The Spanish public health care system has an extensive network of hospitals and health centres, and it’s generally considered to be of excellent quality. Nevertheless, you will have to bear in mind that many of the services that were delivered free of charge will be, in certain cases, charged.

For the time being, the United Kingdom remains a full member of the EU and rights and obligations continue to fully apply in and to the UK.

Residents from the EU travelling in Spain

If you are travelling to Spain and you are resident in a EU country, you should carry with you the EHC (European Health Card). This card entitles you to free public hospital and public medical care throughout Spain, EU countries, Switzerland, Norway, Iceland and Liechtenstein. Depending on your place of residence you can request the card through your social security or medical authorities. Take into account that dental care in Spain is not  covered by the EHC except for emergency treatments.

If you need regular treatment during your stay (for example haemodialysis), you will have to carry with you specific forms like the E112 and additional authorisation that you will have to ask from your national medical authorities. It’s important to notice that the EHC will not be valid if you travel to Spain to receive specific medical treatments.

If you forget your EHC, you will have to pay your treatments in advance. They will be reimbursed in your home country by providing all the payments receipts.

Residents in Spain

Individuals who are resident in Spain can get insured and be entitled to healthcare in Spain if they meet at least one of the following requirements:

  •         be working (either as employee or self-employed) and be registered and enrolled (or in an equivalent situation) in the Spanish Social Security System,
  •         be a beneficiary of a pension from the Spanish social security,
  •         be a beneficiary of any regular benefit from the Spanish social security,
  •         be unemployed, perceiving unemployment benefits or allowances or
  •         be unemployed, having exhausted the unemployment benefits or allowances,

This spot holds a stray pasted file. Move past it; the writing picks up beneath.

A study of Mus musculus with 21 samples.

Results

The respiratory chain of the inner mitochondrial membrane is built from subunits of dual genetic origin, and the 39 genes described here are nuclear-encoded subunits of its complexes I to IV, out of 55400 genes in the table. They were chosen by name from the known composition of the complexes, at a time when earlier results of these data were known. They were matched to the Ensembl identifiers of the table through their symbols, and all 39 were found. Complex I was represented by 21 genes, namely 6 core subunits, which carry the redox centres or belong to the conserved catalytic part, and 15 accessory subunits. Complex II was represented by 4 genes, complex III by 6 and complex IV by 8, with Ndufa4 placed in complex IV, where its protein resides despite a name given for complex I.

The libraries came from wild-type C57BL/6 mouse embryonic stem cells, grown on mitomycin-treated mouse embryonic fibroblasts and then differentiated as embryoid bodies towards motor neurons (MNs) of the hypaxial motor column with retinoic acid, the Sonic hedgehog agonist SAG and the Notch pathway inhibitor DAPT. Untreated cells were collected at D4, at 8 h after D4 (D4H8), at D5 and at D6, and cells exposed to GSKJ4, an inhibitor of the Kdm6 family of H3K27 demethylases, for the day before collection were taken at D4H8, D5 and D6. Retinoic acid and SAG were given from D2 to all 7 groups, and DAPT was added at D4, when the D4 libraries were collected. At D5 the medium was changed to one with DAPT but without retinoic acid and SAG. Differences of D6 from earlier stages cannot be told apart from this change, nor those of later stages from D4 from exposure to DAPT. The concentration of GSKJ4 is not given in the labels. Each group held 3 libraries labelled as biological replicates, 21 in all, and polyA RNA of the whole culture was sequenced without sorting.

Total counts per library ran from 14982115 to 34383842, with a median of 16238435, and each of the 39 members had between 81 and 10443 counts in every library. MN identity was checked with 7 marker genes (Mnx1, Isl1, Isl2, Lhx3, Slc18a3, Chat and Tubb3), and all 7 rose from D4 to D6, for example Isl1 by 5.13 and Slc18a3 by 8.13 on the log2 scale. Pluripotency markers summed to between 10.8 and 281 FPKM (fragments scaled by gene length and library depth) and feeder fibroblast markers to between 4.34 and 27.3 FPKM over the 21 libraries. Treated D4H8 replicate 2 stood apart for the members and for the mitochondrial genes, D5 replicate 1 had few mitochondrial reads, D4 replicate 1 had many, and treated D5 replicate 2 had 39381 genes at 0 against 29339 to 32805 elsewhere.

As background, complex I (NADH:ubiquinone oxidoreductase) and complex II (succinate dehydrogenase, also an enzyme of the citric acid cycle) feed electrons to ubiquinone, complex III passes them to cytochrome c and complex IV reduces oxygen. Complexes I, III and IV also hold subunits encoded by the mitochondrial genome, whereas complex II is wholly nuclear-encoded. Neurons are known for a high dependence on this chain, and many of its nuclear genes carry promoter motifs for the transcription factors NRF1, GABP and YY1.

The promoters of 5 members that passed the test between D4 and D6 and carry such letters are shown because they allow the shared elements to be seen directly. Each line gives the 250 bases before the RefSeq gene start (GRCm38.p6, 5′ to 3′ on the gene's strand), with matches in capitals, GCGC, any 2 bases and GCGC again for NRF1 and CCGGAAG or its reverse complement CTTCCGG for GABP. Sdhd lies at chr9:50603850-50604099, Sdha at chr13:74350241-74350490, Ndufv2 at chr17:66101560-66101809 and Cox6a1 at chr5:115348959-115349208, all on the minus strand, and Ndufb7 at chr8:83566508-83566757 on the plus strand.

•         be a minor subject to administrative supervision

Also, relatives of insured persons can receive healthcare as beneficiaries if they are resident in Spain, live with the insured person, are in charge of the insured and fulfil certain requirements:

  •        Being the spouse or partner of the insured person (or the former partner if in charge of the insured person),
  •         being son or daughter under 26 years or over 26 years with a disability degree of more than 65% or
  •         being brother or sister of the insured person.

What includes the healthcare in Spain?

The healthcare for insured persons or beneficiaries includes:

  •        Medical care in health centres and hospitals belonging to the state network, or at home for elderly people or people with disabilities;
  •        Emergency care with attendance in any medical centre and admission to hospital (also by ambulance), if necessary;
  •        Rehabilitation and medical prescription;
  •        Medicines (depending on the case it can be free of charge or charged with 10%-60% of the full price). Glasses and dental protheses are not covered.

Assistance duration

Spanish healthcare assistance starts from the day after the person is enrolled into the system. The duration of the assistance after a person stops belonging to one of the eligible categories depends on the duration of contributions to Social Security.

In the case of a worker (employee or self-employed) who stops contributing to the social security the duration of healthcare coverage will be different according to contributions of more, or less than 90 days within the previous 365 calendar days:

A worker who has contributed more than 90 days will receive:

  •         52 weeks of healthcare assistance after dropping out from social security, if assistance commenced before dropping out
  •         39 weeks after dropping out from social security, if assistance started after dropping out,
    beneficiaries of Spanish social security (for example unemployed) will receive a 39 weeks extension after they stop receiving benefits.

If the worker contributed for less than 90 days, the duration will be of 39 weeks after dropping out (26 weeks for family members of that person).

Workers who have suffered from a professional accident or illness will benefit from healthcare coverage during the full process even if they have dropped out of social security. As a general rule, treatments will not be stopped until the person has fully recovered.